The SBS Food Guide to Cocktails takes a closer look at cocktails, from the colourful and creative to the classics. In this guide, you’ll learn how to make the world’s most popular cocktails, unlock the enduring magic of martinis, and discover how easy it is to set up a bar at home.
The official beverage of Puerto Rico since 1978, this cocktail supposedly originated in the 1800s, when the legendary Puerto Rican pirate Roberto Cofresi gave his crew a mixture of coconut juice, pineapple and white rum.
Mojitos were a favourite drink of Ernest Hemingway and he was a regular patron of La Bodeguita del Medio in Havana, Cuba, which is credited as the cocktail’s birthplace.
This extravagant cocktail was developed in 1915 by a bartender at the famous Raffles Hotel in Singapore. Scribbled notes for the original recipe are still on display today at the Raffles Hotel Museum.
One of the earliest mentions of the Negroni came from the famous filmmaker Orson Welles, when he wrote about the new cocktail in the Coshocton Tribune, saying, "The bitters are excellent for your liver, the gin is bad for you. They balance each other."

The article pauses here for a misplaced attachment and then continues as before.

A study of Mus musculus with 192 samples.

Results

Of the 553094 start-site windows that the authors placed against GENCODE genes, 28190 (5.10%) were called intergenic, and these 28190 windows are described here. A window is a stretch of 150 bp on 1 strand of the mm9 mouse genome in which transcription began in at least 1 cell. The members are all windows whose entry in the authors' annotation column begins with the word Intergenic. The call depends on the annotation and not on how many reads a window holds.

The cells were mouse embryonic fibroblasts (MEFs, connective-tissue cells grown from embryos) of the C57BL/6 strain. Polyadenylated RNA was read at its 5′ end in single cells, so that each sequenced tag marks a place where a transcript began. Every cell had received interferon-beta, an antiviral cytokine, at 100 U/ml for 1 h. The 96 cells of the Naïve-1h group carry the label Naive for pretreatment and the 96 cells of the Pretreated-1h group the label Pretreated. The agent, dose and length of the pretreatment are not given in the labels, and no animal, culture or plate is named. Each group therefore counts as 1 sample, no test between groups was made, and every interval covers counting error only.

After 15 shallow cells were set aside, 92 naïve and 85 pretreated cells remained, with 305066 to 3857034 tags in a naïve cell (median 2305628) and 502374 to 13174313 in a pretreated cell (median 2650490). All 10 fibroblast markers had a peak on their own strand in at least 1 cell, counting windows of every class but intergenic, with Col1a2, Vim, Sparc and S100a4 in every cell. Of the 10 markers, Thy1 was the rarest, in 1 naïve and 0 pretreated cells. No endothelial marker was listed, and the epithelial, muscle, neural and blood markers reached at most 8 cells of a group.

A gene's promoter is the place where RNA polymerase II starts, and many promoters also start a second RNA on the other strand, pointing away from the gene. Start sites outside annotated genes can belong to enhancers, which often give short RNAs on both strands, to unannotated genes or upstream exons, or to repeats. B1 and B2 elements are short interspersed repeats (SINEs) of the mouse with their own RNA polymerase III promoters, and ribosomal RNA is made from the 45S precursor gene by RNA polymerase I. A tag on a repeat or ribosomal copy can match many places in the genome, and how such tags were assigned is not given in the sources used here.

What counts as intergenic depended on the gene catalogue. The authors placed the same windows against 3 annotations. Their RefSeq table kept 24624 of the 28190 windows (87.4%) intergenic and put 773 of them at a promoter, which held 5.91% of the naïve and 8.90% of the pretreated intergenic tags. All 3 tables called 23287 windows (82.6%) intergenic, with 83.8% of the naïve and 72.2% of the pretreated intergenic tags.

Created at Harry’s New York Bar and popularised at the legendary Stork Club, this drink was said to have such a kick it was like being shelled with the powerful French 75mm howitzer artillery piece, also known as a 75 Cocktail in France.
James Pimm, the owner of a London oyster bar, invented Pimm’s in 1823. The original drink was gin-based, featuring quinine and a secret mixture of herbs. It was served in a small tankard known as a No.1 cup.
Caipirinhas – the national cocktail of Brazil – were once virtually unknown outside the nation. However, the drink has become more popular and widely available in recent years, in large part due to the exportation of first rate brands of cachaça.
The mint julep has been promoted in association with the Kentucky Derby since 1938. Each year, an estimated 120,000 juleps are served over the two-day period of the derby.
Several stories exist as to the origin of the margarita recipe – none of which have been conclusively proven. It remains, by far, one of the most popular drinks in the US.
Since 2003, Peru has celebrated a National Pisco Sour Day on the first Saturday of February. The cocktail was invented by Victor Vaughen Morris, an American bartender, in the early 1920s.